The predominantly cotton based Indian textile industry has been continuously facing challenges owing to high volatility in cotton prices and 11 percent import duty on cotton despite having comfortable home-grown cotton availability. The overall cotton textile export including the readymade garments has dropped by 23 percent during 2022-23 and 18 percent during the period April -June 2023 when compared to the corresponding period previous year. The cotton yarn export has slid by 50 percent during 2022-23 compared to year ago, resulting in stoppage of production and job losses to the tune of 30 percent across the value chain. The Hon’ble Union Minister of Textiles, Piyush Goyal, constituted a Textile Advisory Group and is taking various corrective measures to stabilize the cotton price and enhance the global competitiveness.
The unique export benefits like RoTDEP that refunds all the blocked and embedded duties, revamping the terms & conditions of cotton contract in MCX futures trading and thereby curbing the speculation and also the joint initiative of Ministry of Agriculture and Ministry of Textiles to implement a Master Plan for enhancing the cotton production and productivity are some of the major initiatives taken by the Hon’ble Minister of Textiles. However, the 11% import duty on cotton facilitates the domestic cotton trade to adopt the import parity pricing and often create panic in the cotton market by underestimating the cotton stock and crop size. The Committee on Cotton Production and Consumption (COCPC) functioning under the Chairmanship of the Textile Commissioner which consists of all stakeholders of the cotton value chain, has been estimating the crop size, imports, exports, consumption, stock, etc. The COCPC estimate has been influencing the cotton price trend and in-turn the performance of the cotton textile value chain.
Ravi Sam, Chairman, The Southern India Mills’ Association (SIMA), has appealed to the Cotton Association of India (CAI) to avoid deviating from the estimate made by COCPC being one of the active members of COCPC to prevent any negative impact on the cotton market. He has refuted there cent CAI estimate of cotton crop, arrival and opening stock for the cotton season 2022-23 that have appeared in the print media. He has stated that the cotton price which was ruling at Rs 55,500 per candy during July 2023 has now increased to Rs. 61,200 per candy, an increase of Rs 5,700 per candy which is higher by 11% of international cotton price. The hosiery cotton yarn price dropped by Rs.25/- per kg (40s combed) during the last month due to sluggish demand and several hundreds of spinning mills suspended yarn production demanding certain relief measures to mitigate the challenges and avoid becoming NPAs. Under this scenario, though the cotton price was increased by Rs.5,700/- per candy, the yarn price increased only by Rs.10/- per kg during August 2023 thus making all the spinning mills to continue to incur cash losses.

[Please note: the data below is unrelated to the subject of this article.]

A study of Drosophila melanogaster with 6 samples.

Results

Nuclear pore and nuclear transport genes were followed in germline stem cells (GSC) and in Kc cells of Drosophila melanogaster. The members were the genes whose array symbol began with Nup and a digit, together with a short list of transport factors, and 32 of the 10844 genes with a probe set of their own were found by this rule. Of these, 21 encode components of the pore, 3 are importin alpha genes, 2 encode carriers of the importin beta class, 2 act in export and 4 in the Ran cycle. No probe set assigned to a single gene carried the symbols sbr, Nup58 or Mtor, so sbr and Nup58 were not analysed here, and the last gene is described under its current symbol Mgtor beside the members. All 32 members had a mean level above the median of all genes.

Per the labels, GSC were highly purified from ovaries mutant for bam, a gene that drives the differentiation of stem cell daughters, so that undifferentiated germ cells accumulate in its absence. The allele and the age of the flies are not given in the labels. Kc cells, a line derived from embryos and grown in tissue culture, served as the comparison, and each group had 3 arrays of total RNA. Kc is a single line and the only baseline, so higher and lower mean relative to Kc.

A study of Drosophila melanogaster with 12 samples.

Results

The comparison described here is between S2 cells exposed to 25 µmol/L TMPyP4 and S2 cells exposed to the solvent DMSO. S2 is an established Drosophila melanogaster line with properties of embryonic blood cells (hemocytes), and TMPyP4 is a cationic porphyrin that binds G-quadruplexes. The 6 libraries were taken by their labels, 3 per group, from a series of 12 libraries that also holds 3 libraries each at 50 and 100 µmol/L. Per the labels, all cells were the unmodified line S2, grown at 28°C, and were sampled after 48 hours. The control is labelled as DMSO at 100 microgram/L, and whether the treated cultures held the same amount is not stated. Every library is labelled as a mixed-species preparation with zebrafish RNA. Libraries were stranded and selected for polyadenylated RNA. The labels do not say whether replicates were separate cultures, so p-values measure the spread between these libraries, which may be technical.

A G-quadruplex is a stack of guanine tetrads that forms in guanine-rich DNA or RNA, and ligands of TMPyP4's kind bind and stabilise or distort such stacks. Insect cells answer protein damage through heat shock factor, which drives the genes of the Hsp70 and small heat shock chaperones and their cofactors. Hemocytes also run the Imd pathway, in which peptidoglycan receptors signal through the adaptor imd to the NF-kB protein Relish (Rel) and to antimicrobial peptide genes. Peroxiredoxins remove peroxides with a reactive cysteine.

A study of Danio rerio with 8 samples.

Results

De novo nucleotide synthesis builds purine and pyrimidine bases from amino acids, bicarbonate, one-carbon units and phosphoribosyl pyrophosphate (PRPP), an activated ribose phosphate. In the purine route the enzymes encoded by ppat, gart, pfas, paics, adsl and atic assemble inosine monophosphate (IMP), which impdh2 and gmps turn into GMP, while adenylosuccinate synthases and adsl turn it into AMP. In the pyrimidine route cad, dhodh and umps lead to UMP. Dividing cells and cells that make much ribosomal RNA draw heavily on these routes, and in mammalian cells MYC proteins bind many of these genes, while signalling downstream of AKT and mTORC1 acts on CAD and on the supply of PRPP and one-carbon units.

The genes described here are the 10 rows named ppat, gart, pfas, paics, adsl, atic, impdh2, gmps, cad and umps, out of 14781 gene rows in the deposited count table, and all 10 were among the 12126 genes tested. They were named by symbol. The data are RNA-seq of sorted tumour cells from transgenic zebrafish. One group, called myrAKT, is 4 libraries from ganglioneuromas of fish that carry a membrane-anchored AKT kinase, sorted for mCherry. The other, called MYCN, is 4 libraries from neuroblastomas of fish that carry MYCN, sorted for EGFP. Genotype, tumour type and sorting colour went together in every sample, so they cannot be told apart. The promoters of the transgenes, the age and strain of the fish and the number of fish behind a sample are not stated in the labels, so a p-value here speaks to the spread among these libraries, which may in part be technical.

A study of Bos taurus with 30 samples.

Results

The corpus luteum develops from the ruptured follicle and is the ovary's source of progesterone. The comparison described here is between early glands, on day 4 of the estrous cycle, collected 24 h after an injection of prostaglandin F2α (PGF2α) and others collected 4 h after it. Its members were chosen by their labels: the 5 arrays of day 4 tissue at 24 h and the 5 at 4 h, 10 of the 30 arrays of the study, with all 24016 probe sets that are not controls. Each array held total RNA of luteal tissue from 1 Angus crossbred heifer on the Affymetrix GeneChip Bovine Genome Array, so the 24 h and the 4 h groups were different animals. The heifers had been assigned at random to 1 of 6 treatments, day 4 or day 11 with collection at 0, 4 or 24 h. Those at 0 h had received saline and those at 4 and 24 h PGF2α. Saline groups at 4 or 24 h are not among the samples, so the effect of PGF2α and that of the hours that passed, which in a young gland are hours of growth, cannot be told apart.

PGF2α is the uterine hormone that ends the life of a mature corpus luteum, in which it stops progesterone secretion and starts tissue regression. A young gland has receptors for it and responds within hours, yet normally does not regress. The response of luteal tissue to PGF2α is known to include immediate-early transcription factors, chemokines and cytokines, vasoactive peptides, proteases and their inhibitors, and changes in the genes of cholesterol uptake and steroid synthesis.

Ravi Sam has said that the Indian cotton price that was higher by 15 percent to 20 percent, came down to 3% during April to July 2023 that enabled the exports to revive during April to June. Ravi Sam has said that the export of cotton textiles has increased to $ 1,623 mn from $ 1,553 mn during Q1 of FY23-24 (April – June). Again, during August 2023, the Indian cotton is expensive by 12%.The steep increase in cotton prices that would reflect in the yarn price would make the exporters to incur loss in meeting the export commitments already made by them.
SIMA Chief has stated that the underestimate of crop size has impacted the cotton market and increased the cotton price by Rs.3,000/- per candy within few days. Ravi Sam has stated that when the cotton arrival as per Cotton Corporation of India has exceeded 318 lakh bales for the season 2022-23, the CAI has projected the crop size as 311.18 lakh bales and the arrival as only 296.8 lakh bales. Ravi Sam opined that CAI might be projecting the estimate of the ginning production as the crop size of the country and therefore, felt that CAI estimate could be ignored by the stakeholders and rely only on the COCPC estimate. SIMA Chairman has stated that COCPC has estimated the opening stock as 39.48 lakh bales (as against the CAI estimate of 24 lakh bales), the crop size as 343.47 lakh bales (as against CAI estimate is 311.18 lakh bales), consumption as 295, export as 30 lakh bales (as against CAI estimate is 16 lakh bales) and closing stock as 51.95 lakh bales ( as against CAI estimate of 23.18 lakh bales). He has appealed to the Ministry of Textiles to advise all the Members of COCPC to avoid projecting their own estimates as a Code of Conduct.
Ravi Sam has stated that removal of 11% import duty is very much essential to bring stability in cotton prices and also gain global competitiveness on raw material front and achieve a sustained growth in cotton textile exports. He has added that with considerable increase in the global ending stock of 20.495 billion kgs from the level 18.645 billion kgs, the global cotton supply position is also comfortable and therefore, with 10% to 12% higher cotton price, India cannot export significant volume of cotton. With the comfortable supply position, he has advised the mills to be cautious as the cotton for the new season has already started arriving the market in the Northern Region.